The Ciclovia Adriatica should connect Trieste to Leuca, linking the Adriatic coast of Italy from north to south.
Cycle tourism can represent a unique way of savoring at a relaxed pace what Italy has to offer in terms of landscapes, towns, and historical sites.
Italy can boast a coastline of around 8,000 kilometers: starting from the left-hand side, our peninsula is bordered by the Ligurian Sea, the Sea of Sardinia, the Tyrrhenian Sea, the Strait of Sicily, the Ionian Sea, and the Adriatic Sea.
Today we are going to focus on this latter since there’s an interesting project about cycle tourism that includes its name. The project is called Ciclovia Adriatica, that is to say ‘the Adriatic Cycle Route’, and is still under development.
Cycle tourism in Italy and Europe
This cycle path should connect Trieste to Leuca: therefore, it would link the Adriatic coast of Italy from north to south — or vice versa, depending on where you start your journey.
The idea is that of connecting the pre-existing stretches of road (in fact, numerous cycle tracks had autonomously been built by the various municipalities and regions before the project of the Ciclovia was born) so that cyclists don’t have to resort to the main roads every few kilometers.
The Ciclovia Adriatica is thus part of an ambitious project by FIAB Federazione Italiana Ambiente e Bicicletta (the Italian Federation of Urban Cyclists and Bicycle Tourism, which is also the Italian National EuroVelo Coordinator) named Bicitalia. This aims at creating a network of long-distance cycleways linking both different areas of Italy, and Italy to the European cycle route network Eurovelo.
19 routes connecting 42 countries in Europe have already been mapped out, and the names of these trails evoke the history of the places traversed by them: to give just one example, the EuroVelo 3 Pilgrim Route has been designed to pass through 7 countries and 20 UNESCO sites, allowing cyclists to discover famous pilgrim routes and religious buildings, such as the cathedral of Santiago de Compostela.
The Ciclovia Adriatica
Going back to Italy, there is an abundance of potential and a lot of work to do in order to make Bicitalia a reality. The demand for sustainable tourism is growing: accordingly, with its valuable project, FIAB is trying to promote the discovery of our territory through the use of the bicycle, which is an environment-friendly means of transport combining recreation and physical activity.
Cycle tourism can represent a unique way of savoring at a relaxed pace what Italy has to offer in terms of landscapes, towns, and historical sites. Along the way, hotels and B&Bs equipped with maintenance tools and space to leave one’s bicycle are ready to accommodate travelers: indeed, FIAB has also started a website called Albergabici with the purpose of facilitating the organization of routes and night stops.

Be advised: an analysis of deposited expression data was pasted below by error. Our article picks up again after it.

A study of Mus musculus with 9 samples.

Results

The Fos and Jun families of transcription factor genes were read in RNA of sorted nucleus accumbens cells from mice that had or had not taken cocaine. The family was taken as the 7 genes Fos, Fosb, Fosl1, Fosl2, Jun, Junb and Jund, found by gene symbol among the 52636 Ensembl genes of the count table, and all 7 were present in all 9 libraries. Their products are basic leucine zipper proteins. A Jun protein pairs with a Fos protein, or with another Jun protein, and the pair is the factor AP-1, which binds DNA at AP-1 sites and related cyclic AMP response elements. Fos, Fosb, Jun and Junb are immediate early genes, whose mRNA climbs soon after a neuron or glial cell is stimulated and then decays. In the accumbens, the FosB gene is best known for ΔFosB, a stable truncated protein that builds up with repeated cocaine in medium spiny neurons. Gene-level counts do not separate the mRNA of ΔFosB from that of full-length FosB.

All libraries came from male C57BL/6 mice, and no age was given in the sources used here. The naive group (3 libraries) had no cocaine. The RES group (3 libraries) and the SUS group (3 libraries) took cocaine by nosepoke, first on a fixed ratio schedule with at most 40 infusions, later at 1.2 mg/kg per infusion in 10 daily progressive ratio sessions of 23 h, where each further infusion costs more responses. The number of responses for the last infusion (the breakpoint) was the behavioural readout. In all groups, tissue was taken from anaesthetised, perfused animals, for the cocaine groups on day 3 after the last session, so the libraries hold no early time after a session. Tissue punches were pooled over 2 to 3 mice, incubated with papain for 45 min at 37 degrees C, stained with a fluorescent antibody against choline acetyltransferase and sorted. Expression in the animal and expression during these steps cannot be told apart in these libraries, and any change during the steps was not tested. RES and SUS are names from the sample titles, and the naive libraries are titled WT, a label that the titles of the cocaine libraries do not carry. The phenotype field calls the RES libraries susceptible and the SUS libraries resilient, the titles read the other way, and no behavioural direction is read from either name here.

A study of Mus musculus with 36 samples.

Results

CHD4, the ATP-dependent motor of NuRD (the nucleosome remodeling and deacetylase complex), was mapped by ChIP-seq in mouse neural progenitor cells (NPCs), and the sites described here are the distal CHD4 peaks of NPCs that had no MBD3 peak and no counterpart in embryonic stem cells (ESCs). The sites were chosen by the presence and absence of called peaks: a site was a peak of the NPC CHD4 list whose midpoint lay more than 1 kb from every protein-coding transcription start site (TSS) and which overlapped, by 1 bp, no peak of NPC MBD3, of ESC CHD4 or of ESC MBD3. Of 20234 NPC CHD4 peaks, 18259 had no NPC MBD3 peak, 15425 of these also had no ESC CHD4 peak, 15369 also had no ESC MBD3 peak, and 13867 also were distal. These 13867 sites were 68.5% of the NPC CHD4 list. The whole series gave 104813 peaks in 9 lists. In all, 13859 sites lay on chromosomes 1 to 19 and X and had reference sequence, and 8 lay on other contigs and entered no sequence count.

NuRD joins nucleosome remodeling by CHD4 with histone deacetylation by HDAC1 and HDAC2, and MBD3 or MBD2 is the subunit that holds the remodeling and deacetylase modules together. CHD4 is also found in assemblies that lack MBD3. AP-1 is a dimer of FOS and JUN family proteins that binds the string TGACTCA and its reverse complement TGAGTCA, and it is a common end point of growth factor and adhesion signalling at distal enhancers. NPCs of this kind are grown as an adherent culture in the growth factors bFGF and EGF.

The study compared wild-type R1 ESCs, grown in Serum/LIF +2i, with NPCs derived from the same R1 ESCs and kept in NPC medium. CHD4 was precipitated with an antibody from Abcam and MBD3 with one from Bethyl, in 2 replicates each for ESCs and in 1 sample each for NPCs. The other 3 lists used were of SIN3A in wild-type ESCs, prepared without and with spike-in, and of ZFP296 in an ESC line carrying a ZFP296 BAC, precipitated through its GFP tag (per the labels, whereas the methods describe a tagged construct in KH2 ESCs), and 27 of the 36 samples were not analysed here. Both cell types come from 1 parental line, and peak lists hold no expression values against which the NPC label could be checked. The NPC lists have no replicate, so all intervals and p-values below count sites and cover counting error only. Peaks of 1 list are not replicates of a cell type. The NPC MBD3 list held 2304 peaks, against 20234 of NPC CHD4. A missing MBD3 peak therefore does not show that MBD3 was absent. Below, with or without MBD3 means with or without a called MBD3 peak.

These are the regions interested by the Ciclovia Adriatica: Puglia, Molise, Abruzzo, Marche, Emilia-Romagna, Veneto, and Friuli Venezia-Giulia. Otranto, Lecce, Vieste, Termoli, Pescara, Ancona, Pesaro, Ravenna, Venezia are, from south to north, just some of the towns of the beautiful Adriatic coast of Italy.
Now, think about how long the ‘East Coast’ of Italy is. Hundreds and hundreds of kilometers correspond to different landscapes: from lagoons and sandy islands in the area close to the Po Delta, the Comacchio Lagoons, and on to the beaches of Romagna, Marche, to the Trabocchi Coast, the Gargano promontory, down to the Tacco dello Stivale (or ‘the Heel of the Boot’).
As I have already mentioned, the Ciclovia Adriatica is a work in progress and, as is the case for the Eurovelo routes, many of the cycle tracks are still under development, so always check the Bicitalia website to plan your route.
However, the completion of this project is very much to be desired: it would mean opening our beautiful country to new ways of tourism and new opportunities in terms of traveling and exploring while taking care of the environment.
Support our independent project!
Italics Magazine was born less than two years ago in Rome, from the idea of two friends who believed that Italy was lacking a complete, in-depth, across-the-board source of information in English. While some publications do a great job, writing about the latest news or focusing on specific areas of interest, we do believe that other kinds of quality insights are just as needed to better understand the complexity of a country that, very often, is only known abroad for the headlines that our politicians make, or for the classic touristic cliches. This is why Italics Magazine is quickly becoming a reference for foreign readers, professionals, expats and press interested in covering Italian issues thoroughly, appealing to diverse schools of thought. However, we started from scratch, and we are self-financing the project through (not too intrusive) ads, promotions, and donations, as we have decided not to opt for any paywall. This means that, while the effort is bigger, we can surely boast our independent and free editorial line. This is especially possible thanks to our readers, who we hope to keep inspiring with our articles. That’s why we kindly ask you to consider giving us your important contribution, which will help us make this project grow — and in the right direction. Thank you.